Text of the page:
Alleged wife-beater (I believe it) and self-proclaimed "creator of rock 'n' roll" Ike Tuner is finally tits-up, and I'm rather conflicted on how I feel about that. I loved the guy's music, but any guy who beats up women, especially one as all-around excellent as his former wife, Tina Turner, is not someone I can respect as a human being. But Tina's a Buddhist these days and has probably let that shit go, so perhaps I should follow her lead. Anyway, here's the skinny from this morning's New York Times:
Ike Turner, Musician and Songwriter in Duo With Tina Turner, Dies at 76
By JON PARELES
Published: December 13, 2007
Ike Turner, the R&B musician, songwriter, bandleader, producer, talent scout and ex-husband of Tina Turner, died on Wednesday at his home in San Marcos, Calif., a San Diego suburb. He was 76.
His death was announced by Jeanette Bazzell Turner, who married Mr. Turner in 1995. She gave no cause of death, but said he had had emphysema.
Mr. Turner was best known for discovering Anna Mae Bullock, a teenage singer from Nutbush, Tenn., whom he renamed Tina Turner. The Ike and Tina Turner Revue made a string of hits in the 1960s before the Turners broke up in 1975.
Tina Turner described the relationship as abusive in her autobiography, “I, Tina,” which was adapted for the 1993 film “What’s Love Got to Do With It?” and made Mr. Turner’s name synonymous with domestic abuse.
“I got a temper,” he admitted in 1999 in his autobiography, “Takin’ Back My Name: The Confessions of Ike Turner.” But he maintained that the film had “overstated” it.
Mr. Turner’s career extended back to the 1950s, when he played with pioneering Mississippi Delta bluesmen and helped shape early rock ’n’ roll as well as soul and rhythm-and-blues. “Rocket 88,” a song his band released in 1951 under the name Jackie Brenston and his Delta Cats, is regularly cited as a contender for the first rock-’n’-roll record for its beat, its distorted guitar and its honking saxophone.
Ike and Tina Turner were inducted into the Rock and Roll Hall of Fame in 1991.
Ike Turner, whose full name is variously given as Izear Luster Turner Jr. and Ike Wister Turner, was born in Clarksdale, Miss., and was brought up there by his mother after his father, a minister, was beaten to death by a white mob.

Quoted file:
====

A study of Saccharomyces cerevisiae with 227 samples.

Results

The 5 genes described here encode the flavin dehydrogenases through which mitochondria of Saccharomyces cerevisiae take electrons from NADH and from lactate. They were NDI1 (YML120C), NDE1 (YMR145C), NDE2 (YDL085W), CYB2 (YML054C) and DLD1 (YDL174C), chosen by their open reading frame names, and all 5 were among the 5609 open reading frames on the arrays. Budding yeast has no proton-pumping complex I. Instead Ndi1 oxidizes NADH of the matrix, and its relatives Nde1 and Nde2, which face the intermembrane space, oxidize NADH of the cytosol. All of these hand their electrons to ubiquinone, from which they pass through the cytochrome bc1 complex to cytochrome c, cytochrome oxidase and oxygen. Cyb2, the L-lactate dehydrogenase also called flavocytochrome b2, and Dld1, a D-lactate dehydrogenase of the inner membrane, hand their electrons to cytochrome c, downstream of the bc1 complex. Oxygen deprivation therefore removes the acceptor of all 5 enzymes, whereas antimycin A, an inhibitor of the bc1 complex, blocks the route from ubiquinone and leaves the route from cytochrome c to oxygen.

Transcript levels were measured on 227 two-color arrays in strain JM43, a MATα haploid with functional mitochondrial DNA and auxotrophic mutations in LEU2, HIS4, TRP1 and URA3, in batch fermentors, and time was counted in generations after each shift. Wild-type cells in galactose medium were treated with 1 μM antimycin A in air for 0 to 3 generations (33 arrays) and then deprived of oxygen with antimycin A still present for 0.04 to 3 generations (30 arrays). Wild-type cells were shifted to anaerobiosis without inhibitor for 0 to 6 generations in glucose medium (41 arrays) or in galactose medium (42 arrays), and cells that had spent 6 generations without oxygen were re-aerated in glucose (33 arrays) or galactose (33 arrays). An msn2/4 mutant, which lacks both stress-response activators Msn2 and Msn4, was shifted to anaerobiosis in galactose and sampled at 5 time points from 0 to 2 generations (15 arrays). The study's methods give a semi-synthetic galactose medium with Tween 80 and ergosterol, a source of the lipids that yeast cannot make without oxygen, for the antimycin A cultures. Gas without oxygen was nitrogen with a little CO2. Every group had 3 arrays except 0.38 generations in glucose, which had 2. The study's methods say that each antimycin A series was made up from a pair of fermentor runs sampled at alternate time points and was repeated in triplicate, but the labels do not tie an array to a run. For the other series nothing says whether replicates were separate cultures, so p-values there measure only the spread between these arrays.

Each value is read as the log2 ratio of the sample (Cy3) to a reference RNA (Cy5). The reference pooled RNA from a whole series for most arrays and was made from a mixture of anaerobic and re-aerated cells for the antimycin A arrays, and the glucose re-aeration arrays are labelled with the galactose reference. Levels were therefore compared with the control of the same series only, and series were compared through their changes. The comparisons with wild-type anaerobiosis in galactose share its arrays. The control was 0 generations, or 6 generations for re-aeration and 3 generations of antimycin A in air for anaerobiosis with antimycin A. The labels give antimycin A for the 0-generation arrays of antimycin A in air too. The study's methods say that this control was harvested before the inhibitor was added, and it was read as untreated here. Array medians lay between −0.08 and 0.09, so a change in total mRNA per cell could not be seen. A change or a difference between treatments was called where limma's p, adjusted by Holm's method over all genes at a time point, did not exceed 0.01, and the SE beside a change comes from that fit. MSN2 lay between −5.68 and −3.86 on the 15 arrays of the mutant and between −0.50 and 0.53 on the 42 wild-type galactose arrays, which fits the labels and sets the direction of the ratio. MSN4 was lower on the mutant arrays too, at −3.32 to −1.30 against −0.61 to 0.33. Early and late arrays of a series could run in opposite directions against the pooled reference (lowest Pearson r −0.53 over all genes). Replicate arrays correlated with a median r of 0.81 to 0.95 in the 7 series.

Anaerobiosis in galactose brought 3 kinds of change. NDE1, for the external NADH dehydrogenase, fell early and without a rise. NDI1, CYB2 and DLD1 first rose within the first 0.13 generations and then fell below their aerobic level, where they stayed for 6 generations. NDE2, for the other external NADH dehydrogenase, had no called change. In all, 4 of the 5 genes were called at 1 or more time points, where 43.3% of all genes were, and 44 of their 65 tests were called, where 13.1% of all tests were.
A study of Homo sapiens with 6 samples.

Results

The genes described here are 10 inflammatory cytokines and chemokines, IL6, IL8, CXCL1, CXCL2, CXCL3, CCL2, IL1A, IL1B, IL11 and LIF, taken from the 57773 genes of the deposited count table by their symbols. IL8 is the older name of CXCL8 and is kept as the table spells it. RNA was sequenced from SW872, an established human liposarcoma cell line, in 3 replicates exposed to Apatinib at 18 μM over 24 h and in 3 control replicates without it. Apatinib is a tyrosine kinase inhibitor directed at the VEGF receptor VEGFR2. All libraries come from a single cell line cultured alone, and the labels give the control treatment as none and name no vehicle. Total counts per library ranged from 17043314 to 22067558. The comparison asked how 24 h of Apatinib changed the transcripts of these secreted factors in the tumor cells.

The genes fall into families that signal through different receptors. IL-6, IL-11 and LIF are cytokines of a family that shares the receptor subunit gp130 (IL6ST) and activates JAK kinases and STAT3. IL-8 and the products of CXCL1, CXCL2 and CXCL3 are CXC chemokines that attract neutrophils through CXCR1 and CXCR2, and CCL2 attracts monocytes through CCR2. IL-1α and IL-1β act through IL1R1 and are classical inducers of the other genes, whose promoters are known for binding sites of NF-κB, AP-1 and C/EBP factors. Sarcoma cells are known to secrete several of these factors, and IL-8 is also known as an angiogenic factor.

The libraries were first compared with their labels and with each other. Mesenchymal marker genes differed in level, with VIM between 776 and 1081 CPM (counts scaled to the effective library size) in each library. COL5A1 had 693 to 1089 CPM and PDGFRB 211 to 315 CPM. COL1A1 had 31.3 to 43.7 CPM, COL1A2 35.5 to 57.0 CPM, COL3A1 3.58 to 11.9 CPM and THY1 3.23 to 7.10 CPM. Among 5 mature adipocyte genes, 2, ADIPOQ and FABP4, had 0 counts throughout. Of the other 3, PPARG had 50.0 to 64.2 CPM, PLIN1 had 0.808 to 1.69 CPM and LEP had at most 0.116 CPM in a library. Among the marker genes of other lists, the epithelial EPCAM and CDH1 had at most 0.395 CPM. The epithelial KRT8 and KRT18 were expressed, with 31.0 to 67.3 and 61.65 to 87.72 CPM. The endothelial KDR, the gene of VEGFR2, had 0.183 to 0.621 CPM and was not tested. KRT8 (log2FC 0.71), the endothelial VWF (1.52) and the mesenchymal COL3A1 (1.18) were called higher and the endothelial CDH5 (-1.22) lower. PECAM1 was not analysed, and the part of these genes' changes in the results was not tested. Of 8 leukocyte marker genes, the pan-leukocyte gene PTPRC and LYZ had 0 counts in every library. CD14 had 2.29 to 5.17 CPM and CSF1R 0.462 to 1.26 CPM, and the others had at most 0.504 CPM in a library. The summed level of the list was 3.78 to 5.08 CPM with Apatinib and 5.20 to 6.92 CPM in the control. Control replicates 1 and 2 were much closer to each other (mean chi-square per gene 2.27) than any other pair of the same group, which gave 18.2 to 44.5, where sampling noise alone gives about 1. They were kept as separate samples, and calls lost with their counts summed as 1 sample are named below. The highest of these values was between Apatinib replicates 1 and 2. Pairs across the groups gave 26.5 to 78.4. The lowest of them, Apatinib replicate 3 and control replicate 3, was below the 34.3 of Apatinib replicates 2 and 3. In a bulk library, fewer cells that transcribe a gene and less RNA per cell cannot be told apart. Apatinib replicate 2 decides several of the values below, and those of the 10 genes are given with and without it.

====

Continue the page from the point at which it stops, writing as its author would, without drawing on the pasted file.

As a child Ike spent time at the local radio station, WROX, a hub for Delta blues performances. According to Mr. Turner’s autobiography, the D.J.s taught him how to cue up and segue records, sometimes leaving him alone on the air when he was 8 years old.
He grew up around Delta musicians like the bluesman Robert Nighthawk Jr. and the pianist Pinetop Perkins, who gave him boogie-woogie lessons, and he learned to play guitar.
In high school he formed a group called the Kings of Rhythm. B. B. King helped that band get a steady weekend gig and recommended it to Sam Phillips at Sun Studios in Memphis. The band had been performing jukebox hits, but on the drive from Mississippi to Memphis, its members decided to write something of their own.
Their saxophonist, Jackie Brenston, suggested a song about the new Rocket 88 Oldsmobile. The piano-pounding intro and the first verse were by Mr. Turner, and the band collaborated on the rest; Mr. Brenston sang.
Sun was not yet its own record label, so Mr. Phillips sent the song to Chess Records. It went on to sell a half-million copies. “I was playing rhythm and blues,” Mr. Turner wrote. “That’s all I was playing.” His book says he was paid $20 for the record.
Mr. Turner became a session guitarist, known for his flamboyant, note-bending use of his guitar’s whammy bar. He was also a producer, songwriter and talent scout for Sun and for RPM/Modern Records. He worked with Mr. King, Bobby (Blue) Bland, Howlin’ Wolf, Johnny Ace, Otis Rush, Elmore James and many other blues and R&B musicians.
In 1954 he moved up the Mississippi River to East St. Louis, Ill., where his disciplined and dynamic band became a major draw at local clubs. There, in 1958, he heard Anna Mae Bullock, who joined the group and quickly became its focal point as Tina Turner. The band was soon renamed the Ike and Tina Turner Revue. Her lead vocal on “A Fool in Love” started a streak of Top 10 R&B hits for the revue and also reached the pop Top 40. It was followed by “It’s Gonna Work Out Fine” in 1961. The duo became stars on the grueling so-called chitlin’ circuit of African-American clubs.
Ike and Tina Turner had a wedding ceremony in Tijuana, Mexico, in 1962; Mr. Turner’s book said they were never actually married. They had a son, Ronald, who survives him, along with Jeanette Bazzell Turner and four other children: Mia, Twanna, Michael and Ike Jr.